What can a closer look at women’s roles in ancient Rome teach us today?
William & Mary Classical Studies Professor Vassiliki Panoussi’s new book explores the traditional, and not so traditional, ways that women held power in that patriarchal society. Johns Hopkins University Press will publish Brides, Mourners, Bacchae: Women's rituals in Roman Literature on June 4, calling it “the first large-scale analysis of this body of evidence from a feminist perspective.”
Continuing her study of women and gender in antiquity and in Greco-Roman religion, Panoussi expands on her 2009 work Greek Tragedy in Vergil's Aeneid: Ritual, Empire, and Intertext. Now Panoussi examines both poetry and prose of the first century BCE to the end of the first century CE to explore women's place in weddings, funerals, Bacchic rites and women-only rituals and what they tell us about the many ways women exercised influence, and even power.
From poems describing brides’ resistance to getting married, to the story of a former slave and prostitute helping to uncover a tremendous religious scandal, ancient literature provides many examples of the complexity of women’s influence on the society.
W&M News asked her to discuss a few of the book’s main points.
What is new here?
Roman women figure prominently in many works of Roman literature, but no one has really shed light into the intersection of gender, ideology and ritual in these stories. I thought this would be a good thing to do, and it would help explain the important roles women play in Latin texts.
The approach is new because it brings together these different perspectives, that of religion, feminism, and politics. It’s often hard for people to understand how what we do is new because the materials we study are very old and have been around for thousands of years. But they are a lot more complex and modern than we think.
Every generation of scholars is influenced by, obviously, the contemporary issues that are important to the society in which the scholar lives. And so each generation asks different questions of these texts. At the same time, the theoretical frameworks that are available to us through the advances in psychology, anthropology, sociology, cultural studies, religion, change too. All of these factors help us re-evaluate and reassess those really old texts.
So it is not surprising that someone would have questions about the agency of women when now more contemporary theoretical work on agency, as defined by feminism or relational sociology, makes us look differently at things that we thought we knew.
Why did you decide to study literature?
Women in ancient Rome didn’t really have official positions. Feminist scholarship has shown the many ways patriarchy worked in ancient Rome and in Roman literature. What I’m proposing is to move beyond that and look into the ways in which at least the literary texts show women able to exercise authority and power — and religion was one of those areas where women were able to do that.
The women in the texts that I studied exercise considerable agency and take on areas that are traditionally male. But they do so within the context of religious activity. For example, the princess Hypsipyle is able to rescue her father the king by performing a fake burial. She gets away with it, precisely because as a daughter she was responsible for burying her father. In the end, she becomes the ruler of her country.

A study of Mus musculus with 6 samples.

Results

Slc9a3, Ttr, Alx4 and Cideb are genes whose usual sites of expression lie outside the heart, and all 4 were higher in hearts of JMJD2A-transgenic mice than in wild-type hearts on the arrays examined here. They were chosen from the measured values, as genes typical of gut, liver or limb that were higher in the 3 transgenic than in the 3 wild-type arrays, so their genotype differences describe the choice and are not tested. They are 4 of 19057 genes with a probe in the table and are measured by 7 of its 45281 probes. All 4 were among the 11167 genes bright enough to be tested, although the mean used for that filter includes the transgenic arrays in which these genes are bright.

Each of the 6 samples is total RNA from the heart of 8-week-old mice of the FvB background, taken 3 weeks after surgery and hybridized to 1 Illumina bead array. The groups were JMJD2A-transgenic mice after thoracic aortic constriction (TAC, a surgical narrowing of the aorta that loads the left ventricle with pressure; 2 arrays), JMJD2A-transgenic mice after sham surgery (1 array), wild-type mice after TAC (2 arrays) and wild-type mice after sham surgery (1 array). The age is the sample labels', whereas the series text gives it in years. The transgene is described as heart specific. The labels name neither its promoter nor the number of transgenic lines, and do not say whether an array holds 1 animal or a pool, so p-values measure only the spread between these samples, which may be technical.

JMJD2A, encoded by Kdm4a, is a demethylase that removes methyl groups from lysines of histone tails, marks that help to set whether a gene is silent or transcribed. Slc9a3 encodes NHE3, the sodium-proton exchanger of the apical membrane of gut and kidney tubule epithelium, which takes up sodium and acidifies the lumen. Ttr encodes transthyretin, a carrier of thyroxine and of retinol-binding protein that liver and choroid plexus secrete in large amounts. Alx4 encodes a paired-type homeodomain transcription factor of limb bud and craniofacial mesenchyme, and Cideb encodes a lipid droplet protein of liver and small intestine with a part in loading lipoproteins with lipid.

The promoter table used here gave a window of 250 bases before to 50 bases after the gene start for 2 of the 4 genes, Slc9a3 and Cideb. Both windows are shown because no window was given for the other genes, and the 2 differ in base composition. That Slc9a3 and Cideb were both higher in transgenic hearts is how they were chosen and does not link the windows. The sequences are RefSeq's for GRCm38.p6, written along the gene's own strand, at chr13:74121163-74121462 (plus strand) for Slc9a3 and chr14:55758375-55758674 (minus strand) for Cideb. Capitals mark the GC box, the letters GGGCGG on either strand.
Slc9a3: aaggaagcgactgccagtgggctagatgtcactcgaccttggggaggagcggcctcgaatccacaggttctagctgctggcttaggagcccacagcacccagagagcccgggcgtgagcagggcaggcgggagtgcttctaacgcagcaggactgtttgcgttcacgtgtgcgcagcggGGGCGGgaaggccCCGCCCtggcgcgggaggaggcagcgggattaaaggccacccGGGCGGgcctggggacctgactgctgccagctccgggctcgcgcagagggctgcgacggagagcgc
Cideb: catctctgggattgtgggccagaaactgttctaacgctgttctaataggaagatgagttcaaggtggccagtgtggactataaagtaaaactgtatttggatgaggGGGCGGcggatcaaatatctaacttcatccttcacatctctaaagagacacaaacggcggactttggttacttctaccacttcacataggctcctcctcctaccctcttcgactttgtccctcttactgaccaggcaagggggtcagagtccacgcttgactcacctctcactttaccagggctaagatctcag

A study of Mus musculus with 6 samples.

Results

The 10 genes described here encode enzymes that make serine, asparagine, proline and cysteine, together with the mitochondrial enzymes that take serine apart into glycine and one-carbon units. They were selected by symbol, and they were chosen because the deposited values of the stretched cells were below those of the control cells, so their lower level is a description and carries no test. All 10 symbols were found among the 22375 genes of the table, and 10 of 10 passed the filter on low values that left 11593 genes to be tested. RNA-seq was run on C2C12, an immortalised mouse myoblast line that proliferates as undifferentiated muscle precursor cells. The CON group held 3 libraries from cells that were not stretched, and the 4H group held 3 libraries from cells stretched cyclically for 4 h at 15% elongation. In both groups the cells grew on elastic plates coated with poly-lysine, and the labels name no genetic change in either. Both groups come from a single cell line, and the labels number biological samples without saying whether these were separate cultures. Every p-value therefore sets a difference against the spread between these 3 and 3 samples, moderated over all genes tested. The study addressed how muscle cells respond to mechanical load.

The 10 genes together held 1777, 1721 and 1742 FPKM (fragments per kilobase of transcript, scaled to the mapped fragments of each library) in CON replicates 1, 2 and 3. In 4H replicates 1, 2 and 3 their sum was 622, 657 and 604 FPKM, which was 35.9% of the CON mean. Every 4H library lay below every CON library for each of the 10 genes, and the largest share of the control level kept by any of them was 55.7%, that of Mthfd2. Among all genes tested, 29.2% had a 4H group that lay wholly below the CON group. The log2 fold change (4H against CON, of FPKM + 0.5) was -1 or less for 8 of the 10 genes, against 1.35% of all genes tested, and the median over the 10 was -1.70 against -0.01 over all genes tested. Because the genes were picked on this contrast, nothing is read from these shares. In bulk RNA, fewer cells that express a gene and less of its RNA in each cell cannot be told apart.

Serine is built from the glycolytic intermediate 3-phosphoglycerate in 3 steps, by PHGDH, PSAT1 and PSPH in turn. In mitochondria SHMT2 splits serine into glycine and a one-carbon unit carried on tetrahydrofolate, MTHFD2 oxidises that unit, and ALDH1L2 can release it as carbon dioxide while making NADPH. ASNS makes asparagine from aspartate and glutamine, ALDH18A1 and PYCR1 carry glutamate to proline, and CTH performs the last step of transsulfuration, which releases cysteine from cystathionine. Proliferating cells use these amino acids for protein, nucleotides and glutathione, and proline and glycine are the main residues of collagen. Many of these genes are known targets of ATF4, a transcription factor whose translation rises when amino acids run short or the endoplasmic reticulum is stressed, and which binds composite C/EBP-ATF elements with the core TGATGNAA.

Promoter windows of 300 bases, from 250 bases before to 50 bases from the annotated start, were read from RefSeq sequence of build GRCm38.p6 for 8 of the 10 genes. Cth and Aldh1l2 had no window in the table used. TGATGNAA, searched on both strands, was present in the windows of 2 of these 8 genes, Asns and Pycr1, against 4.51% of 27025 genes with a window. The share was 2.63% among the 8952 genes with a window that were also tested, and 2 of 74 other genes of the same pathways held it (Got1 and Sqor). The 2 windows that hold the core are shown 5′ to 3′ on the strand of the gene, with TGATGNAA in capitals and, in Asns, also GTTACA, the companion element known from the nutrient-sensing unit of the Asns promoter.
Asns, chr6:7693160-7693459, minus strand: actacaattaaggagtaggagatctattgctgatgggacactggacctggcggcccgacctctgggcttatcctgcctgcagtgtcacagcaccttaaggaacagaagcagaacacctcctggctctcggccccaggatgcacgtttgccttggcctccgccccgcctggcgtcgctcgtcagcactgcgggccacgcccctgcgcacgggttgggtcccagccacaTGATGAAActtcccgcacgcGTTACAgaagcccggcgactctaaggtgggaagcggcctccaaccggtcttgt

I believe my contribution is that I show for the first time the ways in which women have been able to maintain or assert their agency, their identity, and to make their own contributions to the social fabric. And literature is a place where they can do that, whereas the historical record cannot always show us that.
What can we learn from this?
That women’s religious roles were a lot more important than people realize. And that literature can be an important factor in our understanding of that agency.
All of the texts that I examine in this book have long been studied. But I propose that only if we look at the combined frameworks of religion, agency and ideology, can we appreciate the magnitude of the empowerment that women claimed in ancient Rome.
For years, up until actually very recently, most historians of religion thought that Roman women had no significant roles even in religion. But one of the arguments I make is that in fact in the literature we have proof that this was not the case. Quite the contrary, women were not excluded from religious life, but were in fact vital players in this arena. I suggest a place and a way to look for female empowerment in Roman society.
Although what I say has implications for Roman society, the focus of my book is on the ways in which male authors manipulate female agency in order to talk about what they want to talk about, which is ideology, power, politics, identity, things like that.
What conclusions did you reach?
Women’s religious roles and rituals are linked to questions of power and state power in particular. So very often the actions of women in literature directly affect the public domain. Whether there’s a war and they show resistance to authority, whether they’re punished for their actions or they’re triumphant, whenever they venture into the public arena, it’s because they are clashing with power.
While they do that, they claim agency through their religious roles, as priestesses, as presiding over ceremonies, as wives or as mourners.
My work then focuses on women and other social groups that were not privileged, that were oppressed or obviously did not occupy the upper echelons of power. In this way, we can actually get a sense of their subjectivity, how they felt. Even if many of these narratives show that women were eventually oppressed, their resistance or point of view is also recorded. And I think that is something that gives us an insight not only into how ideology works in Roman society, but also into how ideologies are shaped in our own society.